The Wadden Sea nature conservation NGO Schutzstation Wattenmeer is a founding member of LT&C, and the International Wadden Sea is one of our largest LT&C-Examples regarding its geographical size. We are interested in how this example gains further improvement and whether other regions could learn or do replicate experiences from it. What role in that plays the Schutzstation? We, therefore, approached the CEO of the organization, Harald Förster, with a few questions to this point:
Harald, what was the historical contribution of the Schutzstation Wattenmeer that the Wadden Sea today can be ranked as LT&C-Example, where tourism is supporting the protection of the area?
The Schutzstation Wattenmeer was founded in 1962. At that time she was the first NGO in the Wadden sea region which combines the traditional idea of nature conservation with interests of the people living in the Wadden sea region and tourists using the environment for recreation. Today this is worldwide a common concept of nature conservation, e.g. well described in the Man and Biosphere Programme of UNESCO.
The vision of the Schutzstation Wattenmeer of the 1960s was quite progressive but received at that time harsh criticism of politicians, other NGOs and the public.
Today the Schutzstation is the leading NGO in the Wadden Sea with more than 8.000 public events per year and more than 350.000 people per year reached through events, educative excursions, exhibitions and other activities. We believe, that the fact that we over the years educated millions of visitors to the Wadden Sea about the values and protection needs of the area, had a major impact for achieving its status of national parks and World Heritage site.
In what way has the support from tourism increased in recent years, and how much of that you relate to the work of the Schutzstation Wattenmeer?
The Wadden Sea at the German North Sea coast is the most popular holiday destination in Germany with an increase of 2-5% per year. Local and regional tourism agencies use the status of the area as a World Heritage as a prominent marketing tool, and the Schutzstation Wattenmeer quite often is mentioned as a best practice example in their marketing strategies.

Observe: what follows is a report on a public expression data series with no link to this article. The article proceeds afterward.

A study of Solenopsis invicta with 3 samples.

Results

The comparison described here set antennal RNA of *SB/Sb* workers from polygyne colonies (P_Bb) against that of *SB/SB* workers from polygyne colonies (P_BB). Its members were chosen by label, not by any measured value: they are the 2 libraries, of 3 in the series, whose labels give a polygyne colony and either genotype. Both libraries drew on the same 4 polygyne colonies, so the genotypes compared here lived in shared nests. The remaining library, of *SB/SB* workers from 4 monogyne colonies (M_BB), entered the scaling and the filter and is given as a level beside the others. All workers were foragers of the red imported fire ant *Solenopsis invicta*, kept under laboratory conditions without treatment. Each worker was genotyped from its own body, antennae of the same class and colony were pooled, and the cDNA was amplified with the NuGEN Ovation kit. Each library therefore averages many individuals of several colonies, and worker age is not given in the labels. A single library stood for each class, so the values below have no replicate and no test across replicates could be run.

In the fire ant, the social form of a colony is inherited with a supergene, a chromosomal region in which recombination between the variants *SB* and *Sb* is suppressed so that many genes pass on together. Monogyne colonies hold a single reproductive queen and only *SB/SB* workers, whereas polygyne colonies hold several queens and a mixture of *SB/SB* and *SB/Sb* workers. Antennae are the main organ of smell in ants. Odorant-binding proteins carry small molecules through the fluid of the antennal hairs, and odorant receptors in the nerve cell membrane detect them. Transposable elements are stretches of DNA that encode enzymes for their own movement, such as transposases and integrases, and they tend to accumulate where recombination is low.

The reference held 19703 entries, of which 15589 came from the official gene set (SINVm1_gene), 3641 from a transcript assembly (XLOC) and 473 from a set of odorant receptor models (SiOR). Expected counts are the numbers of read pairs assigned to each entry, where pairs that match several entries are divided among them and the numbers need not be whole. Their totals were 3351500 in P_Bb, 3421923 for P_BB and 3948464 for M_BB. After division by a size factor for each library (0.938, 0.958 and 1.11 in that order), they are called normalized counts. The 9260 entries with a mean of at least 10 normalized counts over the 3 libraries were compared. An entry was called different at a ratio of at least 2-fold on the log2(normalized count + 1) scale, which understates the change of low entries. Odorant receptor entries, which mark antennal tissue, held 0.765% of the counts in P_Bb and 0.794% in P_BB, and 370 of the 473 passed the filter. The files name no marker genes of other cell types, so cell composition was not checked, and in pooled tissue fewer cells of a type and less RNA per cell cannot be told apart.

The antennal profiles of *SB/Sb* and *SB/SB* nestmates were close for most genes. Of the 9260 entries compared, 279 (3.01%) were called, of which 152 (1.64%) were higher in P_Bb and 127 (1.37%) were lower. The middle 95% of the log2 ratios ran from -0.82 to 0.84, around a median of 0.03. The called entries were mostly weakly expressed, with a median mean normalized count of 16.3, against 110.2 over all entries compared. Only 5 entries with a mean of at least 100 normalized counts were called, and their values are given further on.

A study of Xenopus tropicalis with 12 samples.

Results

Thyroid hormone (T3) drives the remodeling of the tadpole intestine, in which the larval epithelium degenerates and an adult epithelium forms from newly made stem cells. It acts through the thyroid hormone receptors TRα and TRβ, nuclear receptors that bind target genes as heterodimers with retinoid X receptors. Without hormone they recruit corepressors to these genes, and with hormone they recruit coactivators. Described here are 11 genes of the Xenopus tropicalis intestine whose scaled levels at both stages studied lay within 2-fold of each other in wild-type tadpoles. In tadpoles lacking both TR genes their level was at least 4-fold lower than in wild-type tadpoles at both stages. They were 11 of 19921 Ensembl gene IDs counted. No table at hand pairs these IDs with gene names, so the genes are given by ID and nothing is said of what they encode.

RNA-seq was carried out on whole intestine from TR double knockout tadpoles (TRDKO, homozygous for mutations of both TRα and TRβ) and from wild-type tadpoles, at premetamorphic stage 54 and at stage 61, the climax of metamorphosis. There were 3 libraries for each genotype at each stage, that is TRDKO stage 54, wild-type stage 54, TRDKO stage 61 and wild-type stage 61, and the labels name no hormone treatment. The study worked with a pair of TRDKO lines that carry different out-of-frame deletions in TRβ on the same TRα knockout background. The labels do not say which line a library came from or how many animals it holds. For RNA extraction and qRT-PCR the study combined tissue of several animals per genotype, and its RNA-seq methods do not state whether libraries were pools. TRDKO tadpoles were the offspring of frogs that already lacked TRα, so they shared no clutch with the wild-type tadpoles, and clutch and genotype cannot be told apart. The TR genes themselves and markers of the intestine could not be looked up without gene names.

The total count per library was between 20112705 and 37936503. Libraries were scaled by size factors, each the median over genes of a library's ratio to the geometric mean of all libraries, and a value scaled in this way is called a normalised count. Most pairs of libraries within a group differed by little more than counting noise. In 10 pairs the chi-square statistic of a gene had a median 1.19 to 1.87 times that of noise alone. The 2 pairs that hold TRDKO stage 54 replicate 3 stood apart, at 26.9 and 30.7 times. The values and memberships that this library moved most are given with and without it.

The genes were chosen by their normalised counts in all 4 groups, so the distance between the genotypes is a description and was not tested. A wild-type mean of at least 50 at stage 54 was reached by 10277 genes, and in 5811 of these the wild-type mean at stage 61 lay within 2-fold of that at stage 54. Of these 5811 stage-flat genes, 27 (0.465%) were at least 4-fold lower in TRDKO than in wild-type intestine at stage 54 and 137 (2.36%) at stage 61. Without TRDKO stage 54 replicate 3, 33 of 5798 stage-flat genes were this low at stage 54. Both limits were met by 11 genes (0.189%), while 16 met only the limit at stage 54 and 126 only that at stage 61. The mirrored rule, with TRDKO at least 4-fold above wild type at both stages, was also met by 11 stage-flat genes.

Which other regions could learn from the Wadden Sea example? Is there already a process to replicate the experiences you made?
Today many initiatives in the world aiming to create or develop protected areas are facing similar challenges as the Schutzstation Wattenmeer 50 years ago. Combining nature conservation and tourism can be a solution and successful strategy, which in many cases has the potential to produce win-win results. Important is to find and keep a balance of avoiding overtourism with all its negative impacts on the environment but achieving positive impacts by promoting conservation supporting forms of tourism.
The Schutzstation is very keen to assist other NGOs and tourism enterprises in their way to combine nature conservation, local people’s and tourism interests.
During recent years, different people and institutions have build up partnerships and exchanges with another region with extensive tidal flats internationally important for Arctic shorebirds: the Yellow Sea of China and the Koreas. Many experiences from the Wadden Sea could probably be “exported” to the Yellow Sea when it comes to achieving also World Heritage status there. Also along the East Atlantic Flyway of coastal birds, more cooperation and exchange of experiences could be reached with other important tidal flat areas such as those on the African West coast.
Where do you see the value of being a member of LT&C and could that value be increased if we would establish a German-speaking chapter?
LT&C provides for us a very important outreach and link to the international scene of like-minded governmental and non-governmental conservation and tourism-related organisations, institutions and companies around the world. It opens up additional channels for exchanging experiences of both positive examples or coping with common problems, such as overtourism, digitalization, adapting to climate change. We are proud to be a founding member of LT&C and like to offer our experience to others in the world.
A German-speaking chapter would help to build up a growing network of LT&C members and partners in German-speaking countries for creating more communication, exchange of experiences and finally more LT&C-Examples. Another very important point could be to increase cooperation with other German-based organisations and institutions such as the Nationale Naturlandschaften (former EUROPARC Germany) and other Tourist Associations in Germany. Locally and regionally valuable cooperation examples already exist. They could be extended to national and international scales.
Therefore we would support the establishment of a German chapter of LT&C.